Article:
The annual death penalty debate in the Legislature always is solemn, dramatic and revealing.
It's an issue that ought to be deeply personal, and it is. For many people it is faith-guided or faith-based.
A moral issue, Sen. Ernie Chambers suggests.
An issue that Chambers says ought to particularly challenge Catholic senators who take a position contrary to last year's action by Pope Francis changing the Catechism of the Catholic Church to state that "the death penalty is inadmissible."
It's an issue that really shouldn't be used as a partisan political instrument, but it is. Everything is today.
And so that was a big part of the debate last week with threats of political retaliation injected and the vote of the people to overturn the Legislature's previous repeal of capital punishment employed as a cudgel.
Hey, Sen. Adam Morfeld protested, so how about the 2018 vote of the people to expand Medicaid coverage to an estimated 90,000 Nebraskans who have no access to health care coverage and work at low-paying jobs?
That expressed will of the people is being slow-walked by the Ricketts administration's creation of a new and costly administrative structure that will delay implementation of the people's expressed will for almost two years, Morfeld argued.
The death penalty debate always is extraordinary and this year's version quickly engaged freshman senators. Sens. Julie Slama, Megan Hunt and Machaela Cavanaugh were among the first to speak.
"You are not pro-life if you support the death penalty," Hunt said.
"On a life and death issue, I choose life," Sen. Kate Bolz said.
But there's a difference if it's innocent life, several senators responded, a stark difference between death because of abortion and the execution of a convicted killer.
For many senators, it's a challenging political vote.
Three Republicans who formerly were members of the Legislature were "kicked out" because they voted to repeal the death penalty, Sen. Patty Pansing Brooks said, listing them as former Sens. Jerry Johnson, Les Seiler and Al Davis, each of whom was politically targeted and failed to win re-election.
In the end, the vote to advance Chambers' bill to eliminate the death penalty failed on a 17-25 vote. The proposal needed 25 votes to advance.
The Nebraska Republican Party was quick to inject itself into the debate once again, targeting by name Sens. Dan Quick, Lynne Walz and Carol Blood in 2020. Those three senators did not cast votes on the issue last week.
Sixteen of the 17 votes to repeal the death penalty were cast by Democrats and Chambers, a registered non-partisan; Sen. John McCollister was the sole Republican.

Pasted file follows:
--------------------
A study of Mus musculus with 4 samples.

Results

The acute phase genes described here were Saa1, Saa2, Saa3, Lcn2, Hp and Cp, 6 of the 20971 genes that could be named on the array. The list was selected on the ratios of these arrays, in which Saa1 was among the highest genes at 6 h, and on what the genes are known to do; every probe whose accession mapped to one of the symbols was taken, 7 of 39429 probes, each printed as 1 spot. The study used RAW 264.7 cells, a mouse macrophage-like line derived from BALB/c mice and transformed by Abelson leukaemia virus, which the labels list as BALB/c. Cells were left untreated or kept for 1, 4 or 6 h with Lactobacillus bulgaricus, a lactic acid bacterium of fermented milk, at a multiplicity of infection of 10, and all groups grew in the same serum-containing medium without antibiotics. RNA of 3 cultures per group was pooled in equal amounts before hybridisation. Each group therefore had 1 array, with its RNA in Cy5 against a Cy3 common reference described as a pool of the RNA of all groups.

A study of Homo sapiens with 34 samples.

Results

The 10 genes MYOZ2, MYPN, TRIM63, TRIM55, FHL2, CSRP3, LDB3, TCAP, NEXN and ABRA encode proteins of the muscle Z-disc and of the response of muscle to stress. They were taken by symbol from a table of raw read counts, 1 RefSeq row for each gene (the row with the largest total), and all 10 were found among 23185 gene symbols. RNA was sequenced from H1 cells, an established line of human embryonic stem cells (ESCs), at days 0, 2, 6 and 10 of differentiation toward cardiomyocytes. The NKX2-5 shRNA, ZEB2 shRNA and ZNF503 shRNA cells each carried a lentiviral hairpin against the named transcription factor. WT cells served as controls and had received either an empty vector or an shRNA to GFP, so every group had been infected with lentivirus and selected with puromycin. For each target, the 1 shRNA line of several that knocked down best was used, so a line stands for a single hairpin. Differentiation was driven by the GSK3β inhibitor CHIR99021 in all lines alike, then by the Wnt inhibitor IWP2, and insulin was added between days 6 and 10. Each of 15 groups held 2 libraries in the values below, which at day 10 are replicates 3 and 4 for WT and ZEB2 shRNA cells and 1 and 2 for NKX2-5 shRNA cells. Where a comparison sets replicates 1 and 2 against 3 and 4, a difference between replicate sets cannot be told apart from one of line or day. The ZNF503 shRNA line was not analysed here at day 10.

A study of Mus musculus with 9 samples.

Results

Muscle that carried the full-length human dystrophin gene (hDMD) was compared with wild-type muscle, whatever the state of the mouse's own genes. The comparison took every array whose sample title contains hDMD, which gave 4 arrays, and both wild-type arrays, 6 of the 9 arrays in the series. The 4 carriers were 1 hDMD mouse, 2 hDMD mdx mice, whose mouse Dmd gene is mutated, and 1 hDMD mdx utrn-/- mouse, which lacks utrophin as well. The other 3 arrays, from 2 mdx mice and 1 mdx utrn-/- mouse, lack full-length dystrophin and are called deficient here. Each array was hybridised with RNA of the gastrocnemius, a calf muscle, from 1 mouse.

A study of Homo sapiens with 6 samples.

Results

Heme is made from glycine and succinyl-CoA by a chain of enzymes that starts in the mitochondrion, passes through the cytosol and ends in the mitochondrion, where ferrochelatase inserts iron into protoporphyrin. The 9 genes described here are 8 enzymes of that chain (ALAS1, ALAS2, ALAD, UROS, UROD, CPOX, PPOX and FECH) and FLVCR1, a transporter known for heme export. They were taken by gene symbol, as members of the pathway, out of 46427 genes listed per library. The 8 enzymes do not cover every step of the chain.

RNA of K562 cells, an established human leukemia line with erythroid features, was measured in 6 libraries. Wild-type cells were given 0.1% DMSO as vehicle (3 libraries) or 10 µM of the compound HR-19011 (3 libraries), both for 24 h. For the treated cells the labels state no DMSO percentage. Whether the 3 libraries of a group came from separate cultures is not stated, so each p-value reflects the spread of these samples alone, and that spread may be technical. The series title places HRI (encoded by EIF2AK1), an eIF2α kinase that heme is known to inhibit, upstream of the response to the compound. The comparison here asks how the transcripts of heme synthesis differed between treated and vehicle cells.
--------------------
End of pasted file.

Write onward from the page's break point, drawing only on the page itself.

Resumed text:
All of those 17 votes were cast by senators from the Omaha-Lincoln-Sarpy County urban complex, another striking example of the differences between urban and rural Nebraska. It's a growing political divide.
Eight of the 14 women in the Legislature voted for repeal; 26 of 35 men voted to retain the death penalty.
A couple of observations:
* The non-partisan Legislature functions best, and in the manner that was intended, when both parties butt out; Congress is a model of how government works when the parties and partisanship prevail.
* McCollister, an independent and fearless senator, has always had this idea of representation right. His campaign coffee cups have featured this quotation from Edmund Burke: "Your representative owes you not his industry only, but his judgment; and he betrays instead of serving you if he sacrifices it to your opinion."
* * *
* Sen. Chambers: "The Speaker will set the agenda; I will determine the pace."
* Chambers continues to amaze with his word-for-word, memorized recitation of lengthy poems, songs, lyrics and literature.
* President Donald Trump's decision to essentially ignore the prerogatives of the legislative branch is going to test our constitutional framework. Lots of history ahead. Along with some stunning scenes in London when the president arrives in June for a state visit.
* Speculation that the U.S. Supreme Court will approve the Trump administration's decision to count only U.S. citizens in compiling population figures in the 2020 census points the way to an undercounting of Nebraska's population and consequential loss of federal funding allocations for the state.
* The appraised estimate of building the same State Capitol that Nebraskans celebrate today is $1.5 billion. Construction of the Capitol was completed in 1932 at a cost of $9.8 million.
* A basketball team is under construction in Lincoln, but will the key piece — an ever-improving Isaiah Roby — stay?